Additional funding for training, and more formal certification to show training standards have been met, are needed in the wool industry, says shearing contractor Dion Morrell, of Alexandra.
He and champion shearer Tom Wilson have established Elite Shearer Training, which holds regular courses in shearing sheds throughout the region for people wishing to learn or upskill for the wool harvesting industry, and to meet the increasing demand for more trained people in the sector.
They are seeing more young women moving on to the board as shearers, rather than remaining in the more traditional woolhandling role, and are keen to push that.
A course was held at a Gimmerburn woolshed last week and four of those attending were young men from Maniototo High School and there were also four young women there and keen to learn.
Morrell, whose daughter, Pagan Karauria of Alexandra, is a master woolhandler as well as a shearer, recently spoke to a group of Dunstan High School pupils to promote the wool industry as a career and some girls were interested in shearing.
''A teacher said 'girls just do woolhandling','' he said.
''One of the girls said that [comment] was 'so last century'.''
Morrell said following the demise of other training organisations such as Tectra and Te Ako Wools, it was important for the industry that additional funding for training and training providers be forthcoming.
''It is something we really want to push.''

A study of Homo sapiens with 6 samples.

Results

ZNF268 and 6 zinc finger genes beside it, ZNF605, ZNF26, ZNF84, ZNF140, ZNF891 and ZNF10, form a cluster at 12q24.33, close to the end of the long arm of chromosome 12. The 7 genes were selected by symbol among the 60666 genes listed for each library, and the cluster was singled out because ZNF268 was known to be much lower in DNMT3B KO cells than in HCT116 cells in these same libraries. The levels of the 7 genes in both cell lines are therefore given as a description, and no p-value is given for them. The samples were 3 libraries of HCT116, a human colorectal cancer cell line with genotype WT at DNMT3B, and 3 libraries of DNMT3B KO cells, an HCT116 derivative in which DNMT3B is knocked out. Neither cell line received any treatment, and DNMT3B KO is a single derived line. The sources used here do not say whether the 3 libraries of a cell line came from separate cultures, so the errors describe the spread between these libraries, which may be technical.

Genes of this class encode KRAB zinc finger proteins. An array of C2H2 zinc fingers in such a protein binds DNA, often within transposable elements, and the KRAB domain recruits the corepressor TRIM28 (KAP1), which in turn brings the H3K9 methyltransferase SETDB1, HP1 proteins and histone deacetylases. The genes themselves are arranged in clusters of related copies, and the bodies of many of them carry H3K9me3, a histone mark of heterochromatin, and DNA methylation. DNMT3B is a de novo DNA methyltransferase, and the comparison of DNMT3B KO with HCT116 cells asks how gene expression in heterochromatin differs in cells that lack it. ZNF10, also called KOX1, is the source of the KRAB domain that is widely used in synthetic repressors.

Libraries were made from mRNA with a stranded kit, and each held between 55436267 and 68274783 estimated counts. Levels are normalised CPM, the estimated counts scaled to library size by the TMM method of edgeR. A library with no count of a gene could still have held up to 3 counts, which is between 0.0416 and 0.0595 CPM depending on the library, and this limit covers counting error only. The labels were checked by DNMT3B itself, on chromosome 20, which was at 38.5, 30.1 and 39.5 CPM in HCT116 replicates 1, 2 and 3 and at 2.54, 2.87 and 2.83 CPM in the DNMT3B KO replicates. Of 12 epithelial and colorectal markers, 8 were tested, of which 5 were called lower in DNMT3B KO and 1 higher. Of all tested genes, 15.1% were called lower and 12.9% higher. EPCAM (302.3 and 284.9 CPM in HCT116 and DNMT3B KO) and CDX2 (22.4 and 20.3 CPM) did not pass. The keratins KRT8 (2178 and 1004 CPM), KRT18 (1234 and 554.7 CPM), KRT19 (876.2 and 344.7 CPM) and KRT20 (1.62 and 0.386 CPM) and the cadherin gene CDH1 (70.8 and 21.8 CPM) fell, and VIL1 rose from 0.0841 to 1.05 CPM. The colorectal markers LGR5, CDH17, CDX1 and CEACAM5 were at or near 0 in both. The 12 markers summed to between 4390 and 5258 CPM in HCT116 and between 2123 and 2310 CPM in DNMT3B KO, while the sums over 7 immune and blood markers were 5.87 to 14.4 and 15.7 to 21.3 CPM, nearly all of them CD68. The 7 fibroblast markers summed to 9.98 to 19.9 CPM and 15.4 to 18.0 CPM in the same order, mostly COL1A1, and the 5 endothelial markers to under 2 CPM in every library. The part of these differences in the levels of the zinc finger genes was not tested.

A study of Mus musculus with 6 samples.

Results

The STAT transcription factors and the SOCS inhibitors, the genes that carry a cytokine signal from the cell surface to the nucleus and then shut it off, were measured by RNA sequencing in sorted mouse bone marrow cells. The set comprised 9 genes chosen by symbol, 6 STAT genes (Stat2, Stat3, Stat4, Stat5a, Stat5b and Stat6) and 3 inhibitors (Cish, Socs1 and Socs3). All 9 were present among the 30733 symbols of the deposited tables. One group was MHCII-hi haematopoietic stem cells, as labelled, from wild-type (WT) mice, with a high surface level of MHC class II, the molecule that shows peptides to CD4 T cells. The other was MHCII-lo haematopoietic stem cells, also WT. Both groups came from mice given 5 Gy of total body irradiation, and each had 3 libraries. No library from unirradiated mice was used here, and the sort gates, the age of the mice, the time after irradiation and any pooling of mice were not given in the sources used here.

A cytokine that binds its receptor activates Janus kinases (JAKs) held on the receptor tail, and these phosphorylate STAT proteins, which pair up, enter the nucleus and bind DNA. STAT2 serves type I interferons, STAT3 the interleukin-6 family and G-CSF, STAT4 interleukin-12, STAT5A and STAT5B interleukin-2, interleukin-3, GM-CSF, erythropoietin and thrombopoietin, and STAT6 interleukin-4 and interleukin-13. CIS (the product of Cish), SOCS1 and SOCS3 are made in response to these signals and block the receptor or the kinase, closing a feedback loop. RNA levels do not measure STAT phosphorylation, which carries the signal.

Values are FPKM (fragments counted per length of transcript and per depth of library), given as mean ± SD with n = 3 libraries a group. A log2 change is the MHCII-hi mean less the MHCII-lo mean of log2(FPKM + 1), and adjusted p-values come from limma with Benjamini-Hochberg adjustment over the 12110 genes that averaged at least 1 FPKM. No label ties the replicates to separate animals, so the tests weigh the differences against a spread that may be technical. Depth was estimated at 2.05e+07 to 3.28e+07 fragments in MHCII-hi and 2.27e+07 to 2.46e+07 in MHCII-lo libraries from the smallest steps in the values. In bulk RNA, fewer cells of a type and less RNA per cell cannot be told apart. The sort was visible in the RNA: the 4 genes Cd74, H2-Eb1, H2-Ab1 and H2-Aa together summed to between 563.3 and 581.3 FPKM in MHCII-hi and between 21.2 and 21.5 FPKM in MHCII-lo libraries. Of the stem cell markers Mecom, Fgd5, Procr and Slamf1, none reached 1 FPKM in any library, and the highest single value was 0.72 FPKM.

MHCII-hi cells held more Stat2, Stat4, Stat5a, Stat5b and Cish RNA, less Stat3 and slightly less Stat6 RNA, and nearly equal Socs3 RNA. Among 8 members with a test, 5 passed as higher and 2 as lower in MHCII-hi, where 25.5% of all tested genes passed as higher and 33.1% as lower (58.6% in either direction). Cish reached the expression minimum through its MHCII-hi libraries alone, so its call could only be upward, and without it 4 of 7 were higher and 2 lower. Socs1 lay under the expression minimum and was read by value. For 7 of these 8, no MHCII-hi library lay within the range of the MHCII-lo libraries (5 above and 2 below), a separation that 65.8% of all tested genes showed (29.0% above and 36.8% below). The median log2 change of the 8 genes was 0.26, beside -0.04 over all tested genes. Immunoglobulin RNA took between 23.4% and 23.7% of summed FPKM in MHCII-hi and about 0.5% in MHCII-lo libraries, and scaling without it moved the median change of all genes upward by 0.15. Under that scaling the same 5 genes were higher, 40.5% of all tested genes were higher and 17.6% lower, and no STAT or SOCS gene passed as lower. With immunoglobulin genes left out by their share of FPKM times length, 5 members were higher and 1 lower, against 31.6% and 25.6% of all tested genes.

He said in addition, in any other industry that handled animals, there was formal certification to say those involved had sufficient qualifications to do so, so they could be held to account.
''In shearing we don't need one.''
He wanted to see a requirement enforced to say those involved needed to pass a test, or gain certification as proof of their ability to carry out the work as well as meet health and safety requirements.
Those who completed the various courses Elite offered, were awarded in-house, industry-recognised certificates to show they had achieved certain standards.
Shearing trainer Chas Tohiariki said last week's course was ''awesome.''
''We get a lot of women coming through who are already in the industry and in April we held a shearing course for school pupils, which was open to the public, and several young girls attended that.''
He also works with Grant Moore, of GA Moore Shearing, of Winton
''In their crew, they have four female shearers and they shear an average of 280 sheep a day.
''The average shearer would do about 260 to 290 a day up to 330, on average and those girls are doing 280.''
''Some of those sheep weigh 85kg, and some of those girls are 55kg to 75kg.''
He said if there were sufficient funding for training, there would be additional opportunities and more people entering the industry.